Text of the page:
Article

Clinical interpretation of antineutrophil cytoplasmic antibodies: parvovirus B19 infection as a pitfall.

Medical University, Graz, Department of Internal Medicine, Division of Rheumatology, Auenbruggerplatz 15, A-8036 Graz, Austria.
Annals of the Rheumatic Diseases (Impact Factor: 9.11). 05/2005; 64(4):641-3. DOI: 10.1136/ard.2004.024877
Source: PubMed

ABSTRACT While antibodies directed against proteinase 3 (PR3-ANCA) and myeloperoxidase (MPO-ANCA) have a high specificity for the diagnosis of systemic vasculitis, they may also be found as an epiphenomenon of acute viral infection.
To investigate whether positive ANCA test results may be a common feature of acute parvovirus B19 infection.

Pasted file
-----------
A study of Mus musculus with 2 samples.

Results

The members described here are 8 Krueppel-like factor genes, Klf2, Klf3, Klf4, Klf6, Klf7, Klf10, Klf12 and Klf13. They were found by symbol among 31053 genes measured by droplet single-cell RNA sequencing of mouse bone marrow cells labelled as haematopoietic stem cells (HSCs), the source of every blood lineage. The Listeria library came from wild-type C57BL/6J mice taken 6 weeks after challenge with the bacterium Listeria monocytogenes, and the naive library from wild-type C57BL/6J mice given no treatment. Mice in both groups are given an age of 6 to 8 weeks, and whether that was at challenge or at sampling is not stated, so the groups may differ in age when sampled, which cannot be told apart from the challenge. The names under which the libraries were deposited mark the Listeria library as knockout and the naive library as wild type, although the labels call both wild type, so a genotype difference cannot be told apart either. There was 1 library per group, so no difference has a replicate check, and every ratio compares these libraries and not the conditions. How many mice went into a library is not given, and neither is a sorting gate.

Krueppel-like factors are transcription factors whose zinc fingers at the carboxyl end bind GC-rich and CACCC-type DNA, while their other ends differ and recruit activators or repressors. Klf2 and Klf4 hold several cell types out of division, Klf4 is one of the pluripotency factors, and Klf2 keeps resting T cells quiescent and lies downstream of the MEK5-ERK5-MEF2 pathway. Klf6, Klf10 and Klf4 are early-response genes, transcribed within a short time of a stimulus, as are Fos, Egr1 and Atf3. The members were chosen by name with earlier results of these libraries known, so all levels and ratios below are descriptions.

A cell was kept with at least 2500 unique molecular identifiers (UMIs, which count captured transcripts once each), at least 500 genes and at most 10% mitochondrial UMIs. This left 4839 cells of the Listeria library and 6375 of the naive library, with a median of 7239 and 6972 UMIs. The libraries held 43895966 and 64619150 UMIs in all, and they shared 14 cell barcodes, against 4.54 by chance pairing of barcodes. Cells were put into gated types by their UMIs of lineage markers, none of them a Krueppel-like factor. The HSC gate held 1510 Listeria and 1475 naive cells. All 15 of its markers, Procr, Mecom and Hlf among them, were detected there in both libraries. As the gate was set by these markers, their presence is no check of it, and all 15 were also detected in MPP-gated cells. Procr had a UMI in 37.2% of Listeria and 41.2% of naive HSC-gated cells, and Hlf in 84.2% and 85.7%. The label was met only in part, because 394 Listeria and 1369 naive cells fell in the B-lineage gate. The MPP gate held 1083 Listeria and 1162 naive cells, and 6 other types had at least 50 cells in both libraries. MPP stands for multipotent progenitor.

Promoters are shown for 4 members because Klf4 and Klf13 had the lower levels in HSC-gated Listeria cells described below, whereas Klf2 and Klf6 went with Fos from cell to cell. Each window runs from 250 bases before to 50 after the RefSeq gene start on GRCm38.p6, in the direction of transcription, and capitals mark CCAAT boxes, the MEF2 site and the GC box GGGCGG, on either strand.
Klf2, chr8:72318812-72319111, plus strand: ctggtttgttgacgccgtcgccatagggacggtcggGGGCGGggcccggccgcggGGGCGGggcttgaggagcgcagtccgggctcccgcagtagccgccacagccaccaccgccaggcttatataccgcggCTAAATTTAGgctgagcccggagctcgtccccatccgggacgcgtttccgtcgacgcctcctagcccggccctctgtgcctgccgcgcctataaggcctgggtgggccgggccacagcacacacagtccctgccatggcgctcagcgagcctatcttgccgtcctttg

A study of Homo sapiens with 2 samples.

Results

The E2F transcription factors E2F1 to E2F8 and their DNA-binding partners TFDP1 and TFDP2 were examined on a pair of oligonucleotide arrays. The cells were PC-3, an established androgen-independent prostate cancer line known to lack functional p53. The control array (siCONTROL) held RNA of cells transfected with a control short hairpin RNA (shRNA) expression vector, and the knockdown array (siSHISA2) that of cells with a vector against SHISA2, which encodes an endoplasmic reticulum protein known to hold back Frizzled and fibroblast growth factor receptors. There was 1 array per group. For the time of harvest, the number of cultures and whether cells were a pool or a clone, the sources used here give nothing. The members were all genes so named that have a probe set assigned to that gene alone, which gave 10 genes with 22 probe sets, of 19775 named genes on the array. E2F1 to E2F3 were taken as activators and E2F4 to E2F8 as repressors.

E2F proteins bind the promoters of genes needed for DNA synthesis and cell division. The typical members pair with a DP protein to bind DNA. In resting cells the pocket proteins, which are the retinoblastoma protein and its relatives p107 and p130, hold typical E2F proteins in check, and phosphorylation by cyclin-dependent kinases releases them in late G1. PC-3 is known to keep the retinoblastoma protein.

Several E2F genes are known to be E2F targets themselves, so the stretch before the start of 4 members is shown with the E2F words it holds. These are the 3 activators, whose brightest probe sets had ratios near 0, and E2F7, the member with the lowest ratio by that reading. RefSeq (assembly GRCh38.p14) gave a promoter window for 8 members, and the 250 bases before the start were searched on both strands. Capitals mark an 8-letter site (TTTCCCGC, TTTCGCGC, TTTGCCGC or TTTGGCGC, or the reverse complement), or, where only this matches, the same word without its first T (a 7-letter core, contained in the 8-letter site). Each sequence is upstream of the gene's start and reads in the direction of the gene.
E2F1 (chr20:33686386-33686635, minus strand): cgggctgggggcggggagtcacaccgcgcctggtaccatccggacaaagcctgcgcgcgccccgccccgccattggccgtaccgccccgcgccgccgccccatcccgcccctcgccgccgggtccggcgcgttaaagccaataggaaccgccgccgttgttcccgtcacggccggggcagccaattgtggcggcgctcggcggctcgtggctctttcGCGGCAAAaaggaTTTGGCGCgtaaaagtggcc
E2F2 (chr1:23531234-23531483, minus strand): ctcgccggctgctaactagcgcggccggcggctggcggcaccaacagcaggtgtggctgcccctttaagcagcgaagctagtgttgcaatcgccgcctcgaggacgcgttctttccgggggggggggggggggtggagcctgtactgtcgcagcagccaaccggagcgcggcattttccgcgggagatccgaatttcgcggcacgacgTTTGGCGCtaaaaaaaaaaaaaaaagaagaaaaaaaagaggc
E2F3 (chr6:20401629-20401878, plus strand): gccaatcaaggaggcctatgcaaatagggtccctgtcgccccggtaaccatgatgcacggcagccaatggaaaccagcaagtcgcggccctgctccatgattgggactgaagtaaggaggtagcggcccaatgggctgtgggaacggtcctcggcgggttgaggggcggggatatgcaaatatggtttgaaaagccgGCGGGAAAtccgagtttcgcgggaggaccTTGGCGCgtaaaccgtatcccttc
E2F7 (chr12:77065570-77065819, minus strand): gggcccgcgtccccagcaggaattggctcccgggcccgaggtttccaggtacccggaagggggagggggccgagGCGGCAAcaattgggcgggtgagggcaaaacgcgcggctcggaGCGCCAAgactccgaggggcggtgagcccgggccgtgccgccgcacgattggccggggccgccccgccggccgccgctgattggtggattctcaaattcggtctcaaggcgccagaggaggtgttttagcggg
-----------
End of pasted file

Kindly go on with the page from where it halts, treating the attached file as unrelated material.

Sera were analysed from 1242 patients from a rheumatology outpatient clinic for reactivity with parvovirus B19 and EBV antibodies. They were tested for the presence of PR3-ANCA and MPO-ANCA, along with sera known to contain IgM antibodies to these viruses obtained from among 41,366 samples submitted for virological screening.
ANCA were found in 10% (5/50) of the sera positive for IgM antibodies to parvovirus and in 3/51 sera containing IgM antibodies to EBV. Three of six patients with arthritis and concomitant parvovirus infection were found positive for PR3-ANCA and two were found positive for MPO-ANCA. All six patients tested negative for ANCA after six months of follow up.
PR3-ANCA and MPO-ANCA may occur transiently in patients with acute B19 infection or infectious mononucleosis, highlighting the importance of repeated antibody tests in oligosymptomatic clinical conditions in which systemic autoimmune disease is suspected.